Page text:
Will 'Queer Eye' Return For Season 2 On Netflix? The Show's Creator Is Already Thinking About Future Episodes

The show Queer Eye For The Straight Guy (later changed to just Queer Eye) ran for five seasons on Bravo in the 2000s. Netflix's revival of the reality series premiered on Feb. 7, and people can't stop talking about oit. So, will Queer Eye return for Season 2? Unlike the original series, Netflix gave viewers the ability to stream all of Season 1 at once. And with only eight episodes and no commercials, it was absurdly easy to consume the lessons that Bobby Berk, Karamo Brown, Tan France, Antoni Porowski, and Jonathan Van Ness gave to their "heroes." If you're already craving more makeovers from the reboot, the fate of Queer Eye is currently up in the air. But channel the Fab Five's lessons in confidence by believing that Netflix will renew the reboot.

David Collins created the original Queer Eye and he's also the person behind the reboot, which helps explain how the new version felt so familiar despite the updates. As the Logo site NewNowNext.com noted, the series was a pop culture phenomenon when it first premiered in 2003 with Ted Allen, Kyan Douglas, Thom Filicia, Carson Kressley, and Jai Rodriguez. It eventually lost some of its popularity, but Bravo still kept Queer Eye around for 100 episodes as TV Series Finale reported. An astounding 55 episodes of those 100 aired within just the first two seasons with the subsequent seasons decreasing in episode counts.


Netflix hasn't announced yet whether the streaming site will renew the series, but thankfully, Collins indicated he is already thinking about a Season 2 in an interview with IndieWire. After all, he brought Queer Eye back 15 years after it first premiered, so there's no way he's finished with his show now. And the new Fab Five was also open to more episodes, per the IndieWire interview.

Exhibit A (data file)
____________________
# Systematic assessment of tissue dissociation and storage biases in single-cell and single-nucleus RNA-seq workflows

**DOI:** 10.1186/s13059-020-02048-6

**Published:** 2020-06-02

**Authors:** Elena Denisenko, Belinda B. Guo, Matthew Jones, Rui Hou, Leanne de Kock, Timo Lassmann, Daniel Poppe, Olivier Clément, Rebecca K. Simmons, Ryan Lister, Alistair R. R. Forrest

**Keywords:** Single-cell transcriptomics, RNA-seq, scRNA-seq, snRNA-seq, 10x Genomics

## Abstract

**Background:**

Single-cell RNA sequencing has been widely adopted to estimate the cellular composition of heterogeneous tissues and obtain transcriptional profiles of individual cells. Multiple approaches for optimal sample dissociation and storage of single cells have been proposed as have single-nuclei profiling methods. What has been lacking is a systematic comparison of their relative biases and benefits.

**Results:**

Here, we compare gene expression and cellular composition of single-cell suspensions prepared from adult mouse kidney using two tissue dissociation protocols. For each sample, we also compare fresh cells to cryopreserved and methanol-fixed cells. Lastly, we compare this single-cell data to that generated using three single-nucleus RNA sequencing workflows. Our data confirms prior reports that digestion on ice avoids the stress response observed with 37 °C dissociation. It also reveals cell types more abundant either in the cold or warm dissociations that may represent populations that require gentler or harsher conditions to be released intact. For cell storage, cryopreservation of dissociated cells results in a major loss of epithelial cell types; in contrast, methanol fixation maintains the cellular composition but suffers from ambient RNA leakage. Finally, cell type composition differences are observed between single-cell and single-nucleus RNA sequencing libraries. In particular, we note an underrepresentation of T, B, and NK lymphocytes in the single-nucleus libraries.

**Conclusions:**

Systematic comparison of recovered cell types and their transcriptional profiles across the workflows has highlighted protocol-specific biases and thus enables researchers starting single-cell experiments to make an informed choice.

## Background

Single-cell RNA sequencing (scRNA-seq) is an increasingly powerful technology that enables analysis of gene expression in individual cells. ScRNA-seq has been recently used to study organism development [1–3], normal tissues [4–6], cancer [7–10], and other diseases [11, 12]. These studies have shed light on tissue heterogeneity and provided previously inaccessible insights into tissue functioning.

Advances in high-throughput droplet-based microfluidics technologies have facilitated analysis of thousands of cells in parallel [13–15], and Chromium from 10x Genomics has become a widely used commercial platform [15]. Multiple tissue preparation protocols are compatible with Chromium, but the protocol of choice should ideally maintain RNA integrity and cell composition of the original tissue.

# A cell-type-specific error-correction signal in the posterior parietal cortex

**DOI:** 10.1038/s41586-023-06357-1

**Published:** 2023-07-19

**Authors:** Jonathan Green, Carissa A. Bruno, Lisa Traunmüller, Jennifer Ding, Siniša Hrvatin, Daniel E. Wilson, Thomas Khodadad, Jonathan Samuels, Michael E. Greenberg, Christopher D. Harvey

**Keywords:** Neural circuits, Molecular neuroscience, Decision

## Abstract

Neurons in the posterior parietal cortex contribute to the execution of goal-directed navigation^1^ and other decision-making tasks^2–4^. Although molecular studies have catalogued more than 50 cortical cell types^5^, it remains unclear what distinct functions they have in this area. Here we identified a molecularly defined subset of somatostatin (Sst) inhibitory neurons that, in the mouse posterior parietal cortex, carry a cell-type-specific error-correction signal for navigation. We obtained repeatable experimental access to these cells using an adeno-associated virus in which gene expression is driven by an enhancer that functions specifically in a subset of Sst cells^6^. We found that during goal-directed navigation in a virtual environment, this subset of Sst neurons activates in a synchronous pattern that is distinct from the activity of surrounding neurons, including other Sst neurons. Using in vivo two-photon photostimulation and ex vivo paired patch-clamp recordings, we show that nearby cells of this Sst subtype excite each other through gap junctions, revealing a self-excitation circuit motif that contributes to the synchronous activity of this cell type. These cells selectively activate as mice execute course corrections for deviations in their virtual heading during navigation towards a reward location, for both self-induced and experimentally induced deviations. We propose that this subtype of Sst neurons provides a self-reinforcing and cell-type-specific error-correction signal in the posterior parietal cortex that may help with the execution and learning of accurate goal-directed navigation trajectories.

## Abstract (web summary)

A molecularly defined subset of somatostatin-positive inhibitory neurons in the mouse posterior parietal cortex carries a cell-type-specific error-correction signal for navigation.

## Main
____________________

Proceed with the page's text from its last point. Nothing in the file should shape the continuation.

"I'm from Cincinnati, Ohio, born and raised," Collins told IndieWire. "I would like to go the tristate region, Ohio, Indiana, and Kentucky, because you can base in Cincinnati and go across the bridge to Kentucky and go up the interstate to Indiana. The corn-fed midwestern folk are where I'm from — and I love actually being from Ohio, it's a great place to be from." And while the Queer Eye guys loved the people they met in Atlanta, they didn't love the Georgian heat in the summer. So food expert Antoni said they'd like "a slightly colder climate" wherever they end up. After all, it's hard to be doing inside and out makeovers when you're sweating like an extra on The Walking Dead.


As A.V. Club noted, Netflix doesn't often release its viewing ratings, so there's no definite way to know how many people have watched Season 1 of the reboot. But critics love it since Queer Eye holds a 100 percent on Rotten Tomatoes. And what's not to love when the entire point of Queer Eye is to show how empathy and understanding can improve lives. So with the U.S. currently so divided politically, Netflix should recognize that eight isn't enough and that the world could use a little more Queer Eye.